Maryland Terrapins interim coach Matt Canada preaches health, safety of players


COLLEGE PARK, Md. — In his first public comments since being named Maryland‘s interim head coach, offensive coordinator Matt Canada on Wednesday said the players’ health and safety “is No. 1.”

“Our practices have been extremely crisp,” Canada told a small group of reporters at practice. “The focus of our players’ health and safety is No. 1, and our players are feeling that and understanding that. That’s our primary focus.”

It was an extremely different atmosphere from Tuesday’s news conference in which university president Wallace Loh said the school “accepts legal and moral responsibility for the mistakes” made by its athletic training staff at a workout on May 29 that ultimately led to the death of 19-year-old offensive lineman Jordan McNair from heatstroke.

Following a hastily called news conference Wednesday morning, media members were allowed to watch the first 30 minutes of practice. While speakers blared Will Smith’s “Summertime,” the entire team got organized on the field. The players were energetic, and it looked like any other typical August college football practice.

What was most noticeable, however, were two giant white tents that were used as cooling stations — one for offense and one for defense. One staff member was emptying giant bags of ice into the containers of misting fans.

Canada said the players would be given two breaks at practice, and they had plenty of water, Gatorade and snacks available.

“Our entire staff has done a tremendous job of coming together, of bonding together, of making it about our players,” Canada said. “It’s amazing what you can accomplish when nobody cares who’s getting the credit, and we’re seeing that right now in our building.”

According to preliminary findings from an external investigation led by Walters Inc., the Maryland staff did not take McNair’s temperature at the May 29 workout, did not apply a cold-water immersion treatment and did not follow the emergency response plan appropriately.

Maryland will have a scrimmage Saturday that is closed to the media, but players’ parents will be invited to attend. Athletic director Damon Evans set up a meeting for the parents with Canada and the staff.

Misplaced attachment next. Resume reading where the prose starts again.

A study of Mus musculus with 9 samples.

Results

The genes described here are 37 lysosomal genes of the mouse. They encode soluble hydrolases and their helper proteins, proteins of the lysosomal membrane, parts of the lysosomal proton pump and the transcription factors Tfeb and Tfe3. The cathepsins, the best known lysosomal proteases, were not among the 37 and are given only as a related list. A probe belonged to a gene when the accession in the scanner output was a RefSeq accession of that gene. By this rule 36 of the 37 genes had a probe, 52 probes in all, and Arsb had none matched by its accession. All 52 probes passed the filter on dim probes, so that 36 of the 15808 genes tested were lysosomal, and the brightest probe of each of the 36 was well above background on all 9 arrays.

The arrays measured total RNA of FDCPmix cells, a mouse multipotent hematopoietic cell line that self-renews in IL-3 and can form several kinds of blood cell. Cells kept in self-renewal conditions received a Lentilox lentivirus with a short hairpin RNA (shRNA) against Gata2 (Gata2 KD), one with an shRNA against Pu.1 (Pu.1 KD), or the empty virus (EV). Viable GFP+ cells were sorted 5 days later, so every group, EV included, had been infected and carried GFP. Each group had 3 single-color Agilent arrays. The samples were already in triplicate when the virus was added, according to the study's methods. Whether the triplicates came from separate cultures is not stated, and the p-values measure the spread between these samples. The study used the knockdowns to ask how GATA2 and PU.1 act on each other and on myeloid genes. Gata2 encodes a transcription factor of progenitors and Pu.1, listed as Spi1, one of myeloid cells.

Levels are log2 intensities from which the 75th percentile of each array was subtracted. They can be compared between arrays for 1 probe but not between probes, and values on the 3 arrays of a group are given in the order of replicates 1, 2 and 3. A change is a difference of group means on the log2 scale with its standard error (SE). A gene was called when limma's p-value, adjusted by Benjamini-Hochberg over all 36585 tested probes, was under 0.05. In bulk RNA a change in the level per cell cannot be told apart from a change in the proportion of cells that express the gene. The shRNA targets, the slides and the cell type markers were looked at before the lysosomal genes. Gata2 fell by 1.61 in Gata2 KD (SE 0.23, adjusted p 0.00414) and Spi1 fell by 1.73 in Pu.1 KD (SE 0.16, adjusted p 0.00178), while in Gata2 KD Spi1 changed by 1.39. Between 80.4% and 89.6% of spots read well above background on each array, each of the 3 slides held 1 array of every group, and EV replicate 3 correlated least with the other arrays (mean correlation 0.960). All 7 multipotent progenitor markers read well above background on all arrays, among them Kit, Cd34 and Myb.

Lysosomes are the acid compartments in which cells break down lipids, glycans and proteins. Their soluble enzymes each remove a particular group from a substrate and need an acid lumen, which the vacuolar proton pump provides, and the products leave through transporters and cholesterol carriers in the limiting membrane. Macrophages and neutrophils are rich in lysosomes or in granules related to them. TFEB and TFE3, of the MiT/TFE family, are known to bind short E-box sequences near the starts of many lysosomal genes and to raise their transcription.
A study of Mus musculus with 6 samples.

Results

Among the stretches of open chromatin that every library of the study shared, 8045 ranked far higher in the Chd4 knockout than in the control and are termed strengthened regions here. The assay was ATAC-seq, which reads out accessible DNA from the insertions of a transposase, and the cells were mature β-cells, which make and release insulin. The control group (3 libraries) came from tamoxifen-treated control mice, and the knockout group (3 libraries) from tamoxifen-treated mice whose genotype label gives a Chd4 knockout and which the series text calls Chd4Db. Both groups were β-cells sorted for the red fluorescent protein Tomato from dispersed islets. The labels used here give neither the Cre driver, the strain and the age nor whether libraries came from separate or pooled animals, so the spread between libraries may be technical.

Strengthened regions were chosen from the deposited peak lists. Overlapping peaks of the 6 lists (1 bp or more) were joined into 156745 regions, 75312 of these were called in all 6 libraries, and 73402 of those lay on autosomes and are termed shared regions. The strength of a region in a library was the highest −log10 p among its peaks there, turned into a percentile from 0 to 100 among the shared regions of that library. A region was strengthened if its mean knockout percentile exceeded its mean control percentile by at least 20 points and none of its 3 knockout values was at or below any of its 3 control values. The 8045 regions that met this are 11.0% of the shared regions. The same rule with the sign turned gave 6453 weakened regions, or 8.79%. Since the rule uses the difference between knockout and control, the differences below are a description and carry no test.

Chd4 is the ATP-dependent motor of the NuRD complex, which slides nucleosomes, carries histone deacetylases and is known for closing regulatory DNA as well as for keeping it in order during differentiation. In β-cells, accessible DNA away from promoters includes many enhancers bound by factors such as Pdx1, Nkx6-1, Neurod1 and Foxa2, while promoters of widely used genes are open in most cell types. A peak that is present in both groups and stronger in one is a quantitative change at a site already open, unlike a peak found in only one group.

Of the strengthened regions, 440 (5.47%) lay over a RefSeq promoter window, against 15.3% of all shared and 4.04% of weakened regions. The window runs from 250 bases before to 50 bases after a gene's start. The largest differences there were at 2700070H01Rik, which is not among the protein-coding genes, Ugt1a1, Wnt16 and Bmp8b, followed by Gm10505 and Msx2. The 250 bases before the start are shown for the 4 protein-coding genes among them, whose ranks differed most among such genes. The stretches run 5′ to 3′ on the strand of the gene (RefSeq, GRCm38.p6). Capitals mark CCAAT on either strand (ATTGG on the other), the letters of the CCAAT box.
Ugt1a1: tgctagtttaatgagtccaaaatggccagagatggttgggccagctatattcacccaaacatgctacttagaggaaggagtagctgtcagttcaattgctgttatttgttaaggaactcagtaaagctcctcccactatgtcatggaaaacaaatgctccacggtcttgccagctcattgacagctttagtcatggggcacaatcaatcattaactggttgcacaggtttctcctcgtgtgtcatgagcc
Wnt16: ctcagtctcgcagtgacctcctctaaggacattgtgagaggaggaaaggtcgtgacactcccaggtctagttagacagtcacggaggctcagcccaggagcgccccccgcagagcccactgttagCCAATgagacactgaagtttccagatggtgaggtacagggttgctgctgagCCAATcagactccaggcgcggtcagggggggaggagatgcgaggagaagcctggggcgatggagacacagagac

“I’ve talked to a couple of parents, and I’ve been very open and honest, which I think is the only way to be,” Canada said. “Everybody’s concerns right now are very wide-ranging. … Our parents and our players want to have a good football season.”

Following an ESPN report detailing allegations of verbal abuse, bullying and a general disregard for the players’ well-being, the school on Friday placed head football athletic trainer Wes Robinson and director of athletic training Steve Nordwall on administrative leave, sources told ESPN. Rick Court, Maryland’s head strength and conditioning coach, announced his resignation Tuesday.

The university announced head coach DJ Durkin was also placed on paid administrative leave Saturday, when Canada was named the interim.

Canada said he has talked to Durkin “to call him and support him in a situation that’s really challenging,” but he declined further comment.

Canada has been through crisis situations before. He was at Indiana when Hoosiers coach Terry Hoeppner died of brain cancer in June 2007. That fall, Canada helped Indiana reach its first bowl game since 1993. In February 2002, Canada was quarterbacks coach at Northern Illinois when Jawan Jackson died after collapsing during a conditioning drill at a tryout for the team.

Canada, 46, arrived in Maryland in January after agreeing to part ways with LSU after just one season as offensive coordinator. He had signed a three-year, $4.5 million deal with LSU but received $1.7 million of his remaining contract after leaving the school. Canada signed a three-year contract with Maryland that pays him $650,000 annually.

Maryland marked Canada’s seventh school in nine years and his seventh overall FBS offensive coordinator position, following stints at LSU, Pitt, NC State, Wisconsin, Indiana and Northern Illinois. In 2016, he was a finalist for the Broyles Award, given to the nation’s top assistant, after Pitt’s offense set team single-season records for points (532) and points per game (40.9).

Indiana scored a team-record 412 points when Canada served as offensive coordinator at his alma mater in 2007.

Maryland opens its season against Texas on Sept. 1. The results of the Walters Inc. investigation is expected on Sept. 15.